World markets follow US plunge, EU considers huge spending boost

Article published on the 2008-12-02 Latest update 2008-12-02 11:50 TU

Stores are slashing prices as retail sales drop in October(Photo: Reuters/file photo)

Stores are slashing prices as retail sales drop in October
(Photo: Reuters/file photo)

Markets around the world dropped Tuesday, a day after the Dow Jones Industrial Average dropped 7.70 per cent, the fourth-largest point loss in history. As data shows a deepening recession in Europe, finance ministers from the 27 EU member states are meeting in Brussels to debate stimulus spending proposals.

While Tokyo and Hong Kong markets fell 6.35 per cent and five per cent, European shares made a comeback after falling by about 1.5 per cent in early trading. They dropped five to eight per cent on Monday.

Data released Monday showed that manufacturing activity in the 15-member eurozone hit a record low. German retail sales dropped 1.6 per cent in October from the month before. Unemployment in Spain rose by six per cent in November to almost three million. It stood at 11.3 per cent in the third quarter, the highest rate in the EU.

But as Europe suffers ever greater economic turmoil, EU member states cannot agree on how to put in place the 200-billion-euro stimulus package announced last week. A meeting of eurozone members Monday ended inconclusively.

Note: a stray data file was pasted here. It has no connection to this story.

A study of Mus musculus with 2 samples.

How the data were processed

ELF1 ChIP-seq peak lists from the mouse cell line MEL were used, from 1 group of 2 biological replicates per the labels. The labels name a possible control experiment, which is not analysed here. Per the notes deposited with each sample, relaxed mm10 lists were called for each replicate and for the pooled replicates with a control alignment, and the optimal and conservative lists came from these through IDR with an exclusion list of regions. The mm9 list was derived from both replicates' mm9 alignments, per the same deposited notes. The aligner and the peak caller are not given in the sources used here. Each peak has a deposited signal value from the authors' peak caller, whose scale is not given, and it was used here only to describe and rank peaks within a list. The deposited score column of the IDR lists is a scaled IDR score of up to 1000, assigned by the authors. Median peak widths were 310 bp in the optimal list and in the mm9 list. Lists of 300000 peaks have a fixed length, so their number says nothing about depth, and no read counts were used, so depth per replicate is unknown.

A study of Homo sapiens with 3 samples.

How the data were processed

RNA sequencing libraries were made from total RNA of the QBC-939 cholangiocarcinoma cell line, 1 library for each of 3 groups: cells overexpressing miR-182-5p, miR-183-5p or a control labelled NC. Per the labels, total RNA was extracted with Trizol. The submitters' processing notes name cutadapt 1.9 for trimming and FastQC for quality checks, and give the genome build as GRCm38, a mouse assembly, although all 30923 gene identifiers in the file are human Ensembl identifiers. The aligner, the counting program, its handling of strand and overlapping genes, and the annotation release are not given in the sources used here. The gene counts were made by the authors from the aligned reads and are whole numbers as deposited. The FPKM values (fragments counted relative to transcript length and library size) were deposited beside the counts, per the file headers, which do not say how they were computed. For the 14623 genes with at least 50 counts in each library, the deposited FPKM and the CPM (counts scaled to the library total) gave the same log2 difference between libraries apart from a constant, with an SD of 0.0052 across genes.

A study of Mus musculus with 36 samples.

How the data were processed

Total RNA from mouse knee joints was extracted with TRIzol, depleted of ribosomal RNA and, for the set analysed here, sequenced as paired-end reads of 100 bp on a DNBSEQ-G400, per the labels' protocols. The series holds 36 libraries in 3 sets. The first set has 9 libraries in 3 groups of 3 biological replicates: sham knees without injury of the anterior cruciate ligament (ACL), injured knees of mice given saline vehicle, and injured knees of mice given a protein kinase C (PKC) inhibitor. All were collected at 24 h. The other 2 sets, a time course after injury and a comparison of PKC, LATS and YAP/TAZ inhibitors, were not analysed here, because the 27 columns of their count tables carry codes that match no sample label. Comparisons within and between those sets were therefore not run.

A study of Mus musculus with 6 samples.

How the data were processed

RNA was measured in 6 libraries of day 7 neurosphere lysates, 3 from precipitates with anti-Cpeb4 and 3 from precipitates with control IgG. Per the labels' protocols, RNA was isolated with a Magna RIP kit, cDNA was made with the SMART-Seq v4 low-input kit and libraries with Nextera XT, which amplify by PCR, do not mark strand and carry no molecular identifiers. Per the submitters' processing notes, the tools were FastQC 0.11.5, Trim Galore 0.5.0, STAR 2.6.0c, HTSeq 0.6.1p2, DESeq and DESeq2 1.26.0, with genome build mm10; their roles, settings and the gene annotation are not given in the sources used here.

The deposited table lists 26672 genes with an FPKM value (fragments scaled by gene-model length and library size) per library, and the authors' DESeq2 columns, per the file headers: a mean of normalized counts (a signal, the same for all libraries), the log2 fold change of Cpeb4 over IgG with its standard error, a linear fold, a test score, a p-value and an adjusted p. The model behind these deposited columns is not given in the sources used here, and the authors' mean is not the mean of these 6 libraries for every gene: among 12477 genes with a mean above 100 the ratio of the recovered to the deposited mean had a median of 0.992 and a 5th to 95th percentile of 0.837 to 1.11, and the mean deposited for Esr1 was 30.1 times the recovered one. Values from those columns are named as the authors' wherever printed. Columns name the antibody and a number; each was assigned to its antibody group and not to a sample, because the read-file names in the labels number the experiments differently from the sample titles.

Germany is more cautious than France, criticising what it calls “populist” spending measures. France has pressed for large spending programmes across the continent.

The Netherlands has objected to stronger economies being pushed to do more than those countries with bigger budget deficits.

The European Central Bank and Bank of England are expected to cut their key rates Thursday because of a sharp drop in inflation.

The president of the US Federal Reserve, Ben Bernanke, said that interest rate reductions are possible, but “at this point the scope… is obviously limited”.